Acidity

Definition - What does Acidity mean?

Acidity, in the context of wine, describes an element of the taste that a wine gives in the mouth. It refers to the fresh, tart or sour feeling created by the acids in the wine. High acidity makes a wine taste too sour or tart; low acidity makes the wine taste flat and flabby. This is why it is important for the winemaker to get the right level of acidity. They balance the three primary acids - tartaric, malic and citric - with sugar, alcohol and minerals as well as the other components of wine.

WineFrog explains Acidity

Acids play an important role in wine. The primary acids combine with fermentation acids (acetic, butyric, lactic and succinic) to preserve and stabilize the color of a wine. Higher acidity, such as in Sangiovese, means a crisp red in color; lower acidity, like in Syrah, means less stable blue pigments, so they appear muddier or brownish. In whites, low acidity causes the darker, brownish tones in a wine.

In general, acids add a sharpness to the flavor, detected by a prickling sensation on the sides of the mouth and tongue as well as a mouth-watering aftertaste. Too much acidity masks the wine’s flavors and texture, making the wine taste sour and sharp; too little acidity makes a flabby, flat wine with less defined flavors. Natural acids (tartaric, malic and citric) create fresh, pure tastes while fermentation acids (acetic, butyric, lactic and succinic) are milder and more complex.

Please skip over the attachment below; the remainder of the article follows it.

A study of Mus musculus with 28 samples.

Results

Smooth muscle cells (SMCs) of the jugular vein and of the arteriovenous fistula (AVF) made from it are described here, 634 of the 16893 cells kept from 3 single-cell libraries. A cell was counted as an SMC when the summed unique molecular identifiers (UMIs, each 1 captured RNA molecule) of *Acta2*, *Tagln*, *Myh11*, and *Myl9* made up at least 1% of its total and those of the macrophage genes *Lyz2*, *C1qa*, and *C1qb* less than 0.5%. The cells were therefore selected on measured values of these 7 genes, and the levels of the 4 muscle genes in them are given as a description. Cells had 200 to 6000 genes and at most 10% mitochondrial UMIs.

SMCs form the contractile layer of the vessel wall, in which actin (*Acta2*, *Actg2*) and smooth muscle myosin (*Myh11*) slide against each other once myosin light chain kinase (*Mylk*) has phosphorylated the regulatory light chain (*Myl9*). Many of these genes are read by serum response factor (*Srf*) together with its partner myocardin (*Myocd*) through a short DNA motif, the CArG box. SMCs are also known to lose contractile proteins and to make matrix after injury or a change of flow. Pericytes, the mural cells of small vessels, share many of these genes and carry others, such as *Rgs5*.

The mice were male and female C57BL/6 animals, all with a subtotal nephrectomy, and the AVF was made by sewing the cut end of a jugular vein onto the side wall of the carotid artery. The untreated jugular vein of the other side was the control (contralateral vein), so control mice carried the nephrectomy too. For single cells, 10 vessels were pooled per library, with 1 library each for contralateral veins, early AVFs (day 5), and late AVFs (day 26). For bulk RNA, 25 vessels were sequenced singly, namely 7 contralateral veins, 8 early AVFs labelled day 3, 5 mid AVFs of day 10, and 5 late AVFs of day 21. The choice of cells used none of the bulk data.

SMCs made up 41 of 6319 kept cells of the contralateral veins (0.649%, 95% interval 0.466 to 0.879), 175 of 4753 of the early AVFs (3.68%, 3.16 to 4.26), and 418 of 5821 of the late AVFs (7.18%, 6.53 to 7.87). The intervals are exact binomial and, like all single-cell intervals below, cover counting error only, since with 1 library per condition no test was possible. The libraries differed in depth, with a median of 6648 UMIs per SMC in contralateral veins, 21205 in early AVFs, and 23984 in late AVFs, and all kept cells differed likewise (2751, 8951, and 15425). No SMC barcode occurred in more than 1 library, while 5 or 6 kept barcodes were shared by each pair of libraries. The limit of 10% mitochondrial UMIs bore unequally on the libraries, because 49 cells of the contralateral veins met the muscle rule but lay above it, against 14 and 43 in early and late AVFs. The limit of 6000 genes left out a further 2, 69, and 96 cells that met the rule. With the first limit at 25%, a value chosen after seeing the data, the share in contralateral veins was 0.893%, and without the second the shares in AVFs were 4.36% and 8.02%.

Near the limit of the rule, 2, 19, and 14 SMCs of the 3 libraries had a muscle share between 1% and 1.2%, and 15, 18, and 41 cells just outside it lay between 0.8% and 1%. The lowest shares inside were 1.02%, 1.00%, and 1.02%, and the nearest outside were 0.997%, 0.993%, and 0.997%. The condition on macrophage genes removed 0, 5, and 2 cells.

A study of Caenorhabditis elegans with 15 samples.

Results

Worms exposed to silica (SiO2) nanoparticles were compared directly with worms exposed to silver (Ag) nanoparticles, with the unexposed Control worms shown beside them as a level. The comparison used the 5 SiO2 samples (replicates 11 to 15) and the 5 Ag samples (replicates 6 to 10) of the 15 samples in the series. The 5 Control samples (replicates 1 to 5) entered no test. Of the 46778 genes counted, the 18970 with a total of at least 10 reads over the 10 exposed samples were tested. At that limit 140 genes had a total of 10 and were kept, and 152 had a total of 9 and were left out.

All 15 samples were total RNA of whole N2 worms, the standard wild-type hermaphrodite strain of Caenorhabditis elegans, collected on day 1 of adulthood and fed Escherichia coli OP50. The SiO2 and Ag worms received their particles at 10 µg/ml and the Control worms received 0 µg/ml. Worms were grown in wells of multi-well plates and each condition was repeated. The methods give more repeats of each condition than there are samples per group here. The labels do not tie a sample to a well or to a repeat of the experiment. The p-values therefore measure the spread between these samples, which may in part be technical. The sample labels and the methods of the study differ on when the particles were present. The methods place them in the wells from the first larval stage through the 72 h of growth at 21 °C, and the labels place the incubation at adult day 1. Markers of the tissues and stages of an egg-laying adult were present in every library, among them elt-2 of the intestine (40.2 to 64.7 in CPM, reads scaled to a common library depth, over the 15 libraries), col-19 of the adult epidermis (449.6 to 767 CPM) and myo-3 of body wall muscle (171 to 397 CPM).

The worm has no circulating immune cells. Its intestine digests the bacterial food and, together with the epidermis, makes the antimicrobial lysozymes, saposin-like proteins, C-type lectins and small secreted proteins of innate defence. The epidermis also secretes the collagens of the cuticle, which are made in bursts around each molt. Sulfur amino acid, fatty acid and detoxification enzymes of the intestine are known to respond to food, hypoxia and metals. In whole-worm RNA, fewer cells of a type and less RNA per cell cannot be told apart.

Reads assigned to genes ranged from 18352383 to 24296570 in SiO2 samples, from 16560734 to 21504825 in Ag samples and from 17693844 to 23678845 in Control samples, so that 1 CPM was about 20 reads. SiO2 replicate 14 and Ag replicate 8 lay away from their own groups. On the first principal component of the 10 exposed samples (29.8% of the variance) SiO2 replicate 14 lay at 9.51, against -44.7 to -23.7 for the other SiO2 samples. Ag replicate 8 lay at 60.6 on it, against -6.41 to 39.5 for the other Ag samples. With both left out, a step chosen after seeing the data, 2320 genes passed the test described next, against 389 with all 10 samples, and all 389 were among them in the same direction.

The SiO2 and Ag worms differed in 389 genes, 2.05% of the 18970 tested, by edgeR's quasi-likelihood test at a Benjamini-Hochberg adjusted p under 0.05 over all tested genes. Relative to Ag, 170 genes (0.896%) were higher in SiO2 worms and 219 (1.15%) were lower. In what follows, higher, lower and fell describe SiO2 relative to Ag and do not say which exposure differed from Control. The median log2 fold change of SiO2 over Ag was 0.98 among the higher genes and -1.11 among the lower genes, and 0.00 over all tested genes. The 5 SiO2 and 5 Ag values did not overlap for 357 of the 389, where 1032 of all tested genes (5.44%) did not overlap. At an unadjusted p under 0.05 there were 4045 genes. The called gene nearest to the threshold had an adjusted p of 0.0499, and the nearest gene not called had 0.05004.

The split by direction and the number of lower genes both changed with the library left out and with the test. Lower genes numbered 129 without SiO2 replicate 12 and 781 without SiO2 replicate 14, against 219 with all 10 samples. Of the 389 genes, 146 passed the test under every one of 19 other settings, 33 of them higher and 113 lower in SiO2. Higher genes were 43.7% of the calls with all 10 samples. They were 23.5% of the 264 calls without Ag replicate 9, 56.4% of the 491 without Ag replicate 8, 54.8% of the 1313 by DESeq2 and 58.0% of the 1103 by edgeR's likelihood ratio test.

The key to a great wine is (as always) balance - the winemaker’s task is to harvest the grapes at the right time and balance the acidity of a wine with sugar or alcohol. Acidity is highest in grape just before they ripen. As such, warm climates create wines with lower acidity levels, because ripening occurs quickly. Cooler climates create wines with higher acidity, due to the delay in ripening.

Acidity in a wine makes it a great partner for food. When pairing a wine’s acidity with food, remember that equal or more is the key. The wine must always be equal to or more acidic than the food you’re eating. If your dish is more acidic (like a sharp vinaigrette salad dressing) then the wine will taste flat and flabby.

Share this:

Connect with us

Never Miss an Article!

Subscribe to our free newsletter now - The Best of WineFrog.